Christian Eede , August 9th, 2022 19:45

In the fourth of a series of preview pieces for this year's Green Man, Metronomy's Joe Mount discusses his past experiences at the festival

Ahead of this summer's Green Man festival, scheduled to take place later this month, we are presenting a series of preview pieces here at tQ, centred around some of the artists that you'll be able to catch at this year's event.

In the previous edition of the series, Willie J Healey discussed attending Green Man with his father and sister, and also offered some preview words on his third album, which he is currently busy at work on. This week, attention turns to Metronomy's Joe Mount, with the band returning to the event this year to present their latest album, Small World, released earlier this year. Below he tells us about attending the festival for the first time with his now fiancée and getting more personal in his songwriting on Metronomy's latest album.

In addition to Metronomy, this year's Green Man will also welcome the likes of Kraftwerk, Beach House, Katy J Pearson, Mary Lattimore, Low, Jenny Hval and Parquet Courts to its site, among many others. The festival will take place from August 18 to 21, 2022. Find more information here.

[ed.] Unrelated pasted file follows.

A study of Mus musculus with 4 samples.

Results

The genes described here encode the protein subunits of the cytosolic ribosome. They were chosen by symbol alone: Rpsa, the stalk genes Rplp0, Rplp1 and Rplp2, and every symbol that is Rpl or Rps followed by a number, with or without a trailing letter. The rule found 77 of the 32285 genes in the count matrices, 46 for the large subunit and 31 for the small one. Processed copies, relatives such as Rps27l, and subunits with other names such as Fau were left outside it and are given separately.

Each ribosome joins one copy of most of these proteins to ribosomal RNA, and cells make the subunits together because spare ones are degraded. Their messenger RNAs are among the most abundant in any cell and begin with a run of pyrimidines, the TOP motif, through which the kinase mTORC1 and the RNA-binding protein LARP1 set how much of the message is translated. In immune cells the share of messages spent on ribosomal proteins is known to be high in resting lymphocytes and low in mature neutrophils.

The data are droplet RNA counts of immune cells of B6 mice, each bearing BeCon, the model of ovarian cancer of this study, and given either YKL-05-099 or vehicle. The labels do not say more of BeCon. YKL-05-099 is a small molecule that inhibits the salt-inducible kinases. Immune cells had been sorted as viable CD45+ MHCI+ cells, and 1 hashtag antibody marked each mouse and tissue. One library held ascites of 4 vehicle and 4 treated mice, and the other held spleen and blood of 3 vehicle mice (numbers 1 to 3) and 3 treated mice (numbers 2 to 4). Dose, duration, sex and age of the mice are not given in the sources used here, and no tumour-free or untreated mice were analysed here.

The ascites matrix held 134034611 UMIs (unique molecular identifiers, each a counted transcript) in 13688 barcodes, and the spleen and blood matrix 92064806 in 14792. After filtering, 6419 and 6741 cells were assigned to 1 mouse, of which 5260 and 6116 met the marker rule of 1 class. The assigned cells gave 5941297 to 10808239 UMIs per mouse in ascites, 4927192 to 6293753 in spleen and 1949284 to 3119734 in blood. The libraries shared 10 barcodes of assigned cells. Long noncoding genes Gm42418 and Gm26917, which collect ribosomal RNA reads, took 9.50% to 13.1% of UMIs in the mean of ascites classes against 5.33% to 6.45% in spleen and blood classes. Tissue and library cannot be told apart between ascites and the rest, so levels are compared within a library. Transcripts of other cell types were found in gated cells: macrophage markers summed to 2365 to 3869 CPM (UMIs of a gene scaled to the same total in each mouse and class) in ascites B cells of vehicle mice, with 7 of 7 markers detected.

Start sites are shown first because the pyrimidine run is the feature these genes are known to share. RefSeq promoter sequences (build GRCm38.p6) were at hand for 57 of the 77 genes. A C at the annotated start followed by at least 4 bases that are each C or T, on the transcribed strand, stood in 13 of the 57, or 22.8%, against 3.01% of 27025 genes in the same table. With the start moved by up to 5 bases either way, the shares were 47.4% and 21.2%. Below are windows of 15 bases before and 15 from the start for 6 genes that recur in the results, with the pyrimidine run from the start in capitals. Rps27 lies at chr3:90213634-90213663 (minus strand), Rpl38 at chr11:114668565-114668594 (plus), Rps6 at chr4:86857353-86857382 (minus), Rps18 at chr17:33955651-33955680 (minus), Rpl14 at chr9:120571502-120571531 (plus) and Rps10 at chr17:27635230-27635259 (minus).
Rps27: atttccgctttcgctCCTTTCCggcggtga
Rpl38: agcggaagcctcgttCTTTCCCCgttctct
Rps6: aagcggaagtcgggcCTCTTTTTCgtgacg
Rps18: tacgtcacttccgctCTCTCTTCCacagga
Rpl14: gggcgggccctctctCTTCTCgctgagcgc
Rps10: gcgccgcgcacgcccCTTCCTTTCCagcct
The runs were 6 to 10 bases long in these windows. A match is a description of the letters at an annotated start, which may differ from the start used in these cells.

Can you tell us about the first time you ever went to Green Man?

Joe Mount: I remember it very well. I took my then girlfriend (now fiancée) and we camped, her for the first time in her life. It was hell. Since then we've very much invested in improving our camping experience.

What is your favourite Green Man memory?

JM: I might have this wrong, but I’m pretty sure that Van Morrison bumped us up the bill one year because he didn't want to go on stage so late. My mum is a big fan of Van the Man, so anything involving him gives me points in her view.

Who are you looking forward to watching at Green Man this year?

JM: Katy J Pearson, Kraftwerk and Dry Cleaning.

The latest Metronomy album, Small World, was written from a more confessional, personal perspective than past records. Can you pinpoint anything that made you want to open up more this time round?

JM: I feel like it was something I wanted to do anyway; being more personal can be a signifier of age and maturity... I am now old and mature. But, on top of that, the pandemic added this extra impetus. Suddenly I felt quite exposed to scary thoughts and feelings, it was the right time to share that with the world and at a time that was very relatable.